Is there anything worse than finishing a job and not being paid on time? This is a serious problem in the industry and even worse for those who are self-employed. If employees at an organisation were paid days, weeks or even months late, there would be chaos. So why is it brushed off in the home improvement sector as normal?
Tips to avoid late payment:
Establish clear payment terms and deadlines before beginning the work
Make sure you state an exact due date for payment as opposed to ‘due in x number of weeks’. It is also a good idea to include a late payment policy. This combined will hopefully reiterate the importance of being paid on time to your customer. Whilst 60/90-day payment terms are common, don’t just follow the crowd, set payment terms to meet your cashflow. Pick a timeline that is suitable to you.
Additionally, why not explore the option of early payment incentives and late payment penalties?
Triple check your invoice
Have you missed something? If there is any missing information, then the customer may be waiting to hear from you rather than confronting you themselves. Click here to view a guide provided by Xero that walks you through the process of making an invoice – you can check that you haven’t missed off any of these steps and act accordingly if you have.
Make it easy for customers to pay
Everyone has a preferred method when it comes to paying, so have you thought about offering cheque payment and online payment? The customer has a choice then and no excuses.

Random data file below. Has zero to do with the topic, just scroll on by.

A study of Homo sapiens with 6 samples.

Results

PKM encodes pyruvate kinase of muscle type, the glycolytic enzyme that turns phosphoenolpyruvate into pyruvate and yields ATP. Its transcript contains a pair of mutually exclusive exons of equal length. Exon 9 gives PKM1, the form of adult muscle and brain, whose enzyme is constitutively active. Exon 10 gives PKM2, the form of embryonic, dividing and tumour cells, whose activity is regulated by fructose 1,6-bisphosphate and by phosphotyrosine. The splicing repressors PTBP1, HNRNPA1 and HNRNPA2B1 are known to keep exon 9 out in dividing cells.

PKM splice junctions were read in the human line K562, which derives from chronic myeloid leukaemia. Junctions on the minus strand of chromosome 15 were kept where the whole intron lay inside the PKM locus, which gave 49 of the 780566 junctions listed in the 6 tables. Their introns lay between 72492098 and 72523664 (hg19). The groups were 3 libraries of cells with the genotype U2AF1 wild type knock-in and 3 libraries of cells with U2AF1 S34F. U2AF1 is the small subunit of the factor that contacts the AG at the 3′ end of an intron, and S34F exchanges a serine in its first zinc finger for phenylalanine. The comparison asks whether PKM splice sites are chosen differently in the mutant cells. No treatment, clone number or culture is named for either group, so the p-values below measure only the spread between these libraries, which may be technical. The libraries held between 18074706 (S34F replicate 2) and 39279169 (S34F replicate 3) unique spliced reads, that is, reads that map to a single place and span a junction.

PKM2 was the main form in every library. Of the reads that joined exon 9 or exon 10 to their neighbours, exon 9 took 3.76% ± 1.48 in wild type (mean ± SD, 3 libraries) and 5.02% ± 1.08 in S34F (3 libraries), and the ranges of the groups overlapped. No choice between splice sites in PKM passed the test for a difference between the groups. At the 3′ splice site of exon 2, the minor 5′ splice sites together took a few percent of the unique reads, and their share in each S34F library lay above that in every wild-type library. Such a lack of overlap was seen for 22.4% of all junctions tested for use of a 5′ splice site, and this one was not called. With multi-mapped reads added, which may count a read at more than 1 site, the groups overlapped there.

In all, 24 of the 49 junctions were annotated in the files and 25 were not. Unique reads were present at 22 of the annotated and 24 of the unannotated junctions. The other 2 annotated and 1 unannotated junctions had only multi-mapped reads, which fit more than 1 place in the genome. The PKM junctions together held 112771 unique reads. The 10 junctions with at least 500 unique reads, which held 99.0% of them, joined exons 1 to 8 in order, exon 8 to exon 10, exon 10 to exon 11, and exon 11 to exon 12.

Considering we now live in a digital world; a further consideration would be to explore the options of automation in invoicing and following up payments.
We’re all human and most of us have a brain that’s working a mile a minute; meaning that important information sometimes slips our minds. To avoid this being your payment information that is forgotten, make sure you communicate regularly with your customer in the run up to their payment due date. You could do this by sending a friendly reminder in the week/s running up to the deadline date either by letter, email or even phone call, whichever way you normally work.
What to do if your payments are still being missed, despite doing all the above
Make sure you call your customer when chasing payment. Some do not check their emails every day and for those who do, it is easy for them to leave your email unanswered.
Keep your cool
As difficult as it may be sometimes, keep your cool. Try to compose yourself before speaking with clients, no matter how frustrated you may feel. Doing so ensures you don’t damage the relationship with your client and/or your reputation. Payment is likely to be received quicker if you are polite as opposed to aggressive.
No matter how tempting this might be, trust us, it doesn’t end well.
If persistence and politeness still isn’t budging your client, then it may be time to act. Not sure where to start? Take a look at the Government’s business support website; or call their helpline as a first resort. They are accessible Monday – Friday from 9am to 6pm on 0300 456 3565.
Finally, don’t forget that as a contractor you have a statutory right to claim interest from clients who don’t pay their bills on time, thanks to The Late Payment of Commercial Debts (Interest) Act.